Congress has passed a bill to establish a commission dedicated to exploring social ills affecting Black men and boys in the United States.

The House of Representatives passed the Commission on the Social Status of Black Men and Boys Act on Monday with a 368-1 vote. It is headed to the White House to be signed by President Donald Trump. The measure is a bipartisan effort spearheaded by Rep. Frederica Wilson, a Democrat, and Republican Sen. Marco Rubio.

Congress passed Commission on the Social Status of Black Men and Boys Act, a bill to establish a commission dedicated to exploring social issues affecting Black men and boys in the United States. (Photo by Jason Redmond/AFP via Getty Images)

If signed into law, the act would establish a 19-member commission to examine “the social disparities that disproportionately affect black males in America,” according to a press release from Wilson’s office. Rubio and Wilson, both representing Florida, established a similar program in their state. Wilson originally proposed the bill in March 2019, but it was prioritized after the death of George Floyd led to protests and racial tension across the country, the Miami Herald reported.

“I am elated that this legislation, which I have been fighting for several years to pass, is now poised to become national law. The commission will review police brutality, gun violence, fatherhood, recruiting and training black male teachers, and even sneakers, which play an important role in the lives of black boys. Welfare reform and the 1994 crime bill, which includes the controversial three strikes provision and harsh sentencing guidelines, also will be revisited. These federal policies left a devastating impact on black men and boys in America,” Wilson said in her press release.

Rep. Frederica Wilson. (Photo: John Parra/Getty Images for The Recording Academy)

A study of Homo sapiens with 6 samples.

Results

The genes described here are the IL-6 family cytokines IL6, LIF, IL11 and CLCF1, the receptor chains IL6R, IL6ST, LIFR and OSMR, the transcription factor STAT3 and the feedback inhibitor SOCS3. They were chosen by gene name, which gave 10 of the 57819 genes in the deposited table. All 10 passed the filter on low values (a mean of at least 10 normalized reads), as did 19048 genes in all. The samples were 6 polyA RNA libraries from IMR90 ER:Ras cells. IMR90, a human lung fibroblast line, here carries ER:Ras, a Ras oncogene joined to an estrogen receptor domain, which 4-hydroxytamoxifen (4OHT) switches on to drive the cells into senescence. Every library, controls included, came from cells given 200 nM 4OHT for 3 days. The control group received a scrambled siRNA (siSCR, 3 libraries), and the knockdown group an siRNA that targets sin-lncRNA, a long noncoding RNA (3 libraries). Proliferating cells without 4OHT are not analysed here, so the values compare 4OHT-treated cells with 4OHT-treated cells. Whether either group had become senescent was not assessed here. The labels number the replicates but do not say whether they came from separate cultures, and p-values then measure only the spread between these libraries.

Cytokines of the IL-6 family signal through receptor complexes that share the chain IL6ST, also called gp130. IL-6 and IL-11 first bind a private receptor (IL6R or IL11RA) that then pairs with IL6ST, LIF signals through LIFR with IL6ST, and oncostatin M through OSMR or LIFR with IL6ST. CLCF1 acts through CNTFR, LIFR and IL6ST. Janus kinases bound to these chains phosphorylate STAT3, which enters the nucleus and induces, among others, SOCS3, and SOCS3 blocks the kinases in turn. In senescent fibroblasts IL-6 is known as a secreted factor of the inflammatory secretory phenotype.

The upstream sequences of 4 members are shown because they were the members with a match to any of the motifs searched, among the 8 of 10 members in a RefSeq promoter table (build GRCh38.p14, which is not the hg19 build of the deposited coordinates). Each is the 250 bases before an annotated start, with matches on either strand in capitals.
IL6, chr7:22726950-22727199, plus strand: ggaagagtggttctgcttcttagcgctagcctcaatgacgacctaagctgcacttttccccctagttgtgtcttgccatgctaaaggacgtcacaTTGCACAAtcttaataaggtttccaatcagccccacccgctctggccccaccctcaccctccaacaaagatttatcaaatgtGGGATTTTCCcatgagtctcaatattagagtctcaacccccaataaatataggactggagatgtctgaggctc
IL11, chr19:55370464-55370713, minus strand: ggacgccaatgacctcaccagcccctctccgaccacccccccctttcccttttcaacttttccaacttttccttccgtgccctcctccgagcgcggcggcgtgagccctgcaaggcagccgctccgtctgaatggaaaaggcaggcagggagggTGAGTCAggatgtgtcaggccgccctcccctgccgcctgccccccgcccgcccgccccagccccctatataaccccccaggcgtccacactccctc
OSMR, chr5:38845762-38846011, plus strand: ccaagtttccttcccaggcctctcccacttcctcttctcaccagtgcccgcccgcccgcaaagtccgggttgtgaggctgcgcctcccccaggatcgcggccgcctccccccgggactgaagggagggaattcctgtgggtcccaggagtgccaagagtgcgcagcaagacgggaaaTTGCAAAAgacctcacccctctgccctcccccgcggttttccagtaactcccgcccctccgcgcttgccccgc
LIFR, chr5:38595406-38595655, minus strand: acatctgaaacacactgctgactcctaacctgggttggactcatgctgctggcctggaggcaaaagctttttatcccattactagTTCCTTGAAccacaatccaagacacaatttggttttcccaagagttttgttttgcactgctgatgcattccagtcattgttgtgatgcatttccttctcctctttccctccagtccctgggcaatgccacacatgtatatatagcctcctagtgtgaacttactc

She added, “the commission’s underlying goal is to interrupt the school-to-prison pipeline and to better understand and eventually eliminate the educational and social chasms that have made it extraordinarily difficult for black males to become upwardly mobile.”

Wilson argued racism is the most dangerous issue Black men face due to dehumanizing stereotypes that cast them as dangerous and aggressive.

“Too often they are perceived as criminals by the time they reach the age of five. They’re labeled delinquent, not rowdy. They are hardened criminals, not misguided youth. Their very existence is often seen as a threat. It is a tragic reality that black males in America are treated as their own class of citizens,” she said.

Rubio said it was “imperative” the country addresses systemic racism. He joined forces with fellow senators Cory Booker and Kamala Harris to propose a similar commission in June, the Florida Daily reported.

Sen. Marco Rubio (Photo: Andrew Harnik-Pool/Getty Images)

“America is more successful when its citizens have equal access to economic opportunity and prosperity, and this is particularly relevant for young black men,” Rubio stated. “As we confront the challenges of the 21st century, we will need to rely on the talents and contributions of every American. I applaud the House for passing the Commission on the Social Status of Black Men and Boys Act, and I urge the President to sign it into law without delay. I was pleased to lead this legislation in the Senate, and I look forward to the work the Commission will do to address the racial and economic disparities affecting our communities today.”

The bill passed the day after a horse-drawn carriage pulled the casket of Georgia Rep. John Lewis across the Edmund Pettus bridge in Selma, Alabama, where the former civil rights activist was brutally beaten during the infamous Selma to Montgomery march on March 7, 1965. Lewis died on July 17 following a battle with pancreatic cancer. The loss made the passage a “bittersweet” moment for Wilson.

“The final passage of the Commission on the Social Status of Black Men and Boys Act is a little bittersweet for me because my dear friend and colleague, Congressman John Lewis, did not live to witness this landmark day,” the congresswoman’s statement said. “He was one of its fiercest advocates and devoted countless hours during my tenure in Congress to inspiring hundreds of boys who are members of the 5000 Role Models of Excellence Project, a mentoring and dropout prevention program I founded 30 years ago. I am honor to share this legacy with him.”